The triumph of generic databases
The computerization of commonsense knowledge goes back at least to Ross Quillian’s paper from the 1969 book Semantic Information Processing. Ross used methods that aren’t that different from what I use today, but he was able to store just a few hundred concepts in his computer.
The Cyc project, starting in the 1980s contained about 3 million facts. It was successful on it’s own terms, but it didn’t lead to the revolution in natural language processing that it promised. WordNet, from the same era, documents about 120,000 word senses, but like Cyc, hasn’t had a large engineering impact.
DBpedia and Freebase have become popular lately, I think because they’re a lot like traditional databases in character. For a person, place or creative work you’ve got the information necessary to make a ‘Pokemon card’ about the topic. With languages like SPARQL and MQL it’s possible to write queries you’d write in a relational database, so people have an idea what to do with it.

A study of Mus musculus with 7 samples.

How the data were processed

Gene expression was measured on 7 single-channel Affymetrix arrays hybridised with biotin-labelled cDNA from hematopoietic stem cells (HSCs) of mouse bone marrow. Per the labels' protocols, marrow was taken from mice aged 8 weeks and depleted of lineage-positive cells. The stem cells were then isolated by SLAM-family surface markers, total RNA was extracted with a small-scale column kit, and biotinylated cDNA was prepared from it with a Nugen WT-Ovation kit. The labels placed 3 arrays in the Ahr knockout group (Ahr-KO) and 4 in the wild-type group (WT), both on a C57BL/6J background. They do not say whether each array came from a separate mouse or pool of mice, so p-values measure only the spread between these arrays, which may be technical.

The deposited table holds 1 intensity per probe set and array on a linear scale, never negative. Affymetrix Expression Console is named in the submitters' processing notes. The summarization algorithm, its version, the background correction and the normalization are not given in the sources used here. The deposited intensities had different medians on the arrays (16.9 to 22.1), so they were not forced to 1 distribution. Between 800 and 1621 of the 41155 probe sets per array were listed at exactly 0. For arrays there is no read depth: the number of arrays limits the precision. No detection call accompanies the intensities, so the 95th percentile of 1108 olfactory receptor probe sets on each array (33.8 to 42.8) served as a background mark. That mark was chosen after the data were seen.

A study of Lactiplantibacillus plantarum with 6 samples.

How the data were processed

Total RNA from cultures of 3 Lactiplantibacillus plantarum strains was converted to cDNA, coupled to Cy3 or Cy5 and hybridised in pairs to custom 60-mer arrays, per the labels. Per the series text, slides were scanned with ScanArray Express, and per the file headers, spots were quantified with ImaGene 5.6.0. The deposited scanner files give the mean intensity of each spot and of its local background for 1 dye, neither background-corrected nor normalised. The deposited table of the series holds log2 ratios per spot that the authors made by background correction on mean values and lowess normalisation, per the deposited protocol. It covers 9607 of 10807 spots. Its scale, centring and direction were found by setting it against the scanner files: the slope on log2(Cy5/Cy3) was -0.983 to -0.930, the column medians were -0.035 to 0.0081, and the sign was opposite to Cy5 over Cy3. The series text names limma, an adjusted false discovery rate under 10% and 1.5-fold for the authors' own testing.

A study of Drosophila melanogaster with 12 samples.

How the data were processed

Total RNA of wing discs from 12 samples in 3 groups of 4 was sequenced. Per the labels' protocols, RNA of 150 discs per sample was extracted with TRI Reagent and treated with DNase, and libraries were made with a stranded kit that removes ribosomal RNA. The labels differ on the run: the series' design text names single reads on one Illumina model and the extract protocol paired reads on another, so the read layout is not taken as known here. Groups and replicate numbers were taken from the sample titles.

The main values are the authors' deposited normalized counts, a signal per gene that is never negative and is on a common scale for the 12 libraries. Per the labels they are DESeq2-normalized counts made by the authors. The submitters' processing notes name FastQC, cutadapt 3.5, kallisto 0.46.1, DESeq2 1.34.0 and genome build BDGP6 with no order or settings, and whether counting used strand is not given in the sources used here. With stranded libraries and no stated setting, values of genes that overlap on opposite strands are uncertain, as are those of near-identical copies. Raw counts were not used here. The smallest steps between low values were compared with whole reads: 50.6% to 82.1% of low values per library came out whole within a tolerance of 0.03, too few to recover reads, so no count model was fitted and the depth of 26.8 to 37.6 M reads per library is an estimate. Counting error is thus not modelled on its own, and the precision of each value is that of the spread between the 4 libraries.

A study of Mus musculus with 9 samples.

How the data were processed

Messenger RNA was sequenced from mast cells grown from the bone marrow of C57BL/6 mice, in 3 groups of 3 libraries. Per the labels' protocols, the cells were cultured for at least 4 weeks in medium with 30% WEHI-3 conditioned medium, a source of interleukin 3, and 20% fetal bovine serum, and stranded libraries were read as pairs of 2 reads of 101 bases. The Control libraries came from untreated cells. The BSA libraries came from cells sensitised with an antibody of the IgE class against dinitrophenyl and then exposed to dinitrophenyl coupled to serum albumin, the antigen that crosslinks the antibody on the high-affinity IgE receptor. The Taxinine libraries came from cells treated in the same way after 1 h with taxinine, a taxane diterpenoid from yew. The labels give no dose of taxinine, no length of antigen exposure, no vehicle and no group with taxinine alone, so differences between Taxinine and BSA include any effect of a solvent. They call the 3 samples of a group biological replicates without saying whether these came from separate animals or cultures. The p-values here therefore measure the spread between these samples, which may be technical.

DBpedia and Freebase are much larger than the old commonsense databases. The English Dbpedia contains 4 million topics derived from Wikipedia pages and Freebase contains 24 million facts about 600 million topics. It’s hard to quantify it, but subjectively, people feel like Wikipedia contains most of the concepts that turn up when they are reading or thinking about things. Because the new generic databases are about concepts rather than words, they are inherently multilingual.
DBpedia Spotlight is the first of a breed of language processing products that use world knowledge instead of syntactic knowledge. Using a knowledge base created from DBpedia and Wikipedia, Spotlight gets accuracy comparable to commercial named entity recognition systems — although Spotlight uses simple methods and, so far, has made little of the effort a commercial system would to systematically improve accuracy.